Facebook’s Chat App Won’t Be an Overnight Sensation for E-commerce Players

Messenger has sales potential, but it will take time


And according to a Fortune article this week, they may soon be able to buy their tickets via the mobile app. What's more, the magazine's report suggests that Facebook Messenger will eventually allow all kinds of purchases, including when shoppers are walking around inside department stores. No other specifics are available in terms of how such functionalities could work. 

But, Facebook Messenger, with 800 million monthly users, appears to be evolving into much more than just a complementary feature to Facebook's flagship social media platform. So we asked marketers if they believe people will actually buy items within a chat app.

"If people can easily find and purchase products through Messenger that provide less friction than say, Amazon, they'll do it," said Susan Marshall, founder of marketing software company Torchlite. "The problem really is inertia. Most people already have a solution in place that works for them, so Facebook will have to make it more enticing than what most shoppers already have in place for it to really take off."

Joseph Anthony, CEO of millennial marketing agency Hero Group, agreed that it will take time.

"Facebook's challenge will be to turn a communications product into an e-commerce product," Anthony explained. "Facebook must be careful when evolving their user experience on Messenger to introduce e-commerce opportunities without feeling intrusive or infringing on a user's private conversations."

Dave Borean, vp of products at AllSight, added, "The biggest challenge will be in understanding who the user is as a customer so they can be supported in the right context."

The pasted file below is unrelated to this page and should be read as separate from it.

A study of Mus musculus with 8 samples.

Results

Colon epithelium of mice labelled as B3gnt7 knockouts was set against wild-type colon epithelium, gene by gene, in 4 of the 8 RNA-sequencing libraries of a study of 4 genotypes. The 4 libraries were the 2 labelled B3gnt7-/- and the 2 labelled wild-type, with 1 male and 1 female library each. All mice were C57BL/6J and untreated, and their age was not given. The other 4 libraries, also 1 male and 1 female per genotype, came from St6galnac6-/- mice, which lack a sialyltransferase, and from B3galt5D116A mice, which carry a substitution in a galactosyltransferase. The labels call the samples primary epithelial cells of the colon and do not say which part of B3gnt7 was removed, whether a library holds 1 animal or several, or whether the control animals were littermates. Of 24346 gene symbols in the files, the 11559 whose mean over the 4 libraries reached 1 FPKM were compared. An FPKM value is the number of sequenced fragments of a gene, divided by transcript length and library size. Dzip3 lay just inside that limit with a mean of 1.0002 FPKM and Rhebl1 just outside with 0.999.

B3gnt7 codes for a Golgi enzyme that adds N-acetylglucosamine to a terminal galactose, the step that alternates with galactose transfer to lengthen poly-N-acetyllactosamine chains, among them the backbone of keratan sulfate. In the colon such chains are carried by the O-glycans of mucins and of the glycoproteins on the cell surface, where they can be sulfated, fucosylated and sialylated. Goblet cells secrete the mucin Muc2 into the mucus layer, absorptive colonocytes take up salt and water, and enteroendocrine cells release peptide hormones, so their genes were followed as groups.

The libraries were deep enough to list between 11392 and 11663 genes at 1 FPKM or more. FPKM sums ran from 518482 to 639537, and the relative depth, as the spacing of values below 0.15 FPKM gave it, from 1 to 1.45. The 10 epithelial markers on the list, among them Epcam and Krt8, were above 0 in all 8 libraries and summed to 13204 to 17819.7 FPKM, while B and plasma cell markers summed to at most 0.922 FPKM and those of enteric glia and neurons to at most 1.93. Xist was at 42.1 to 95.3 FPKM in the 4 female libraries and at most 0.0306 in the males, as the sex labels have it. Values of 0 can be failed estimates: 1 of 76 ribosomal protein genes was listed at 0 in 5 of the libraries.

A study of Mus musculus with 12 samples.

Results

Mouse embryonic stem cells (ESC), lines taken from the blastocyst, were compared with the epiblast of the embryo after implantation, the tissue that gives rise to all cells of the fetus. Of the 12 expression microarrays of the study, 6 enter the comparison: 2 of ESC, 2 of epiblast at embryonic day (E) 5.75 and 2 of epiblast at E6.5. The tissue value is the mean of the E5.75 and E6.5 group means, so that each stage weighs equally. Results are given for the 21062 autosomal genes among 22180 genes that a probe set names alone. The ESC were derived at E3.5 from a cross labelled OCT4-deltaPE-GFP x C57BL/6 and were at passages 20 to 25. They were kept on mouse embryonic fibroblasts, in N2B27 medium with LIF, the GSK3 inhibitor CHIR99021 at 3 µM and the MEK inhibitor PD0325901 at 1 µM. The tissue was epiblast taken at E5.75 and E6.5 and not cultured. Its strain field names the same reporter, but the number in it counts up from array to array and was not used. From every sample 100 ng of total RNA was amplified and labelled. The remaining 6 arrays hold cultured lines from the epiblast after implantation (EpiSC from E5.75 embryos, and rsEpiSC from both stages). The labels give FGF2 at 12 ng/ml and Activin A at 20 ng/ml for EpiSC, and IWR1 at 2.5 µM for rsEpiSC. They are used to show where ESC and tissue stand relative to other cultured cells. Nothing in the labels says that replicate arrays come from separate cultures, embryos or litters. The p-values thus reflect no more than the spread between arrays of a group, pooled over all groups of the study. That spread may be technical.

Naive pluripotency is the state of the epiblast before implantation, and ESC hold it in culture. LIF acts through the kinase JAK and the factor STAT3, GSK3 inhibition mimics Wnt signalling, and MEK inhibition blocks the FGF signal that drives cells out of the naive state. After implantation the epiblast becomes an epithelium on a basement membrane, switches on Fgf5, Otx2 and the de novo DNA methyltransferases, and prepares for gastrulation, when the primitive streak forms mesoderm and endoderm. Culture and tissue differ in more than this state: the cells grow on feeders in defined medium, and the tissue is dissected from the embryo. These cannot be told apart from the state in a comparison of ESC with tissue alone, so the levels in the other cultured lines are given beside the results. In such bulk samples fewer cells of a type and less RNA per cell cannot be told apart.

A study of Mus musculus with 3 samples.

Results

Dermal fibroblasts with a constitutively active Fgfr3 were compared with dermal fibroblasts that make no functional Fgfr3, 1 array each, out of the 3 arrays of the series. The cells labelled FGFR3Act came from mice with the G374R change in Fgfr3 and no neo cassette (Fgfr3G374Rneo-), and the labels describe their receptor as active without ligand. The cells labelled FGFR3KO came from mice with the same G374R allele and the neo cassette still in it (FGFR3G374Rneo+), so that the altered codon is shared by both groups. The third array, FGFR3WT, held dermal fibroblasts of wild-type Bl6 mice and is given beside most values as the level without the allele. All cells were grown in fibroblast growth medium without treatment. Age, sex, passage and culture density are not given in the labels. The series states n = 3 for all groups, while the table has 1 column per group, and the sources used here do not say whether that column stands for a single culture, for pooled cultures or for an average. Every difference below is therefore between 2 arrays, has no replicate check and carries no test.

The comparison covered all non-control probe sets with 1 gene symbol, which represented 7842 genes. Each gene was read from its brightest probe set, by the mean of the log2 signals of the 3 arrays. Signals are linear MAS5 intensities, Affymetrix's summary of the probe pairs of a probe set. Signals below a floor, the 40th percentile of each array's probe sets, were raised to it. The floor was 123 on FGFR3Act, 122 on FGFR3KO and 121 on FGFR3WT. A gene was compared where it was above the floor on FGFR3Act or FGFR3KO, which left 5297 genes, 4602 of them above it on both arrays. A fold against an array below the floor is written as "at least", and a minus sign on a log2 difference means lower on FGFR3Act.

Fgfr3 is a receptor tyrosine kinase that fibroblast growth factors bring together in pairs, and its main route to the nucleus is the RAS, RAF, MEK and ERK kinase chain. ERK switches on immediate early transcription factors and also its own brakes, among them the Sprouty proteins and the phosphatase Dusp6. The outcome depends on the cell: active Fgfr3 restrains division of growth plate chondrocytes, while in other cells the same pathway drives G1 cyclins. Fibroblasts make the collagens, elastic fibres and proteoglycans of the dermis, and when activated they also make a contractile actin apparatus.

The number of locations that accept Facebook Messenger payments could be a major factor, commented Wally Schlaegel, chief product and marketing officer at CataBoom. "People will not use it unless it is widely accepted," he said. 

Multiple people mentioned two developments from 2015 as to why Facebook Messenger holds plenty of promise: Katy Perry's Twitter pop-up shop and Domino's emoji-tweet-based ordering system. A few marketers stated that they believe Facebook's three-month-old initiative of letting consumers order Uber and Lyft rides on Messenger has massive potential.

"Being able to order a product or order a cab will become a natural fit with Facebook," said Amy Edel-Vaughn, social media and content developer of EGC Group.

Anthony of Hero Group said, "Companies like Uber or Lyft are in a prime position to be incorporated in Facebook's messenger platform as they do not require a level of decision-making or an expectation of in-person customer service."

He suggested that Facebook Messenger could challenge Amazon Dash, stating that the social network's messaging app "could be an easy way to re-order frequently used items, whether they be diapers or other household supplies."

Lastly, with chatbots becoming all the rage in the marketing world, Mario Natarelli, managing partner at MBLM, thinks there's a play in the artificial intelligence (AI) space for Facebook Messenger as well.

"Chatbots sound like an interesting and useful tech feature like other AI-driven innovations," Natarelli said. 

@Chris_Heine Christopher Heine is a New York-based editor and writer.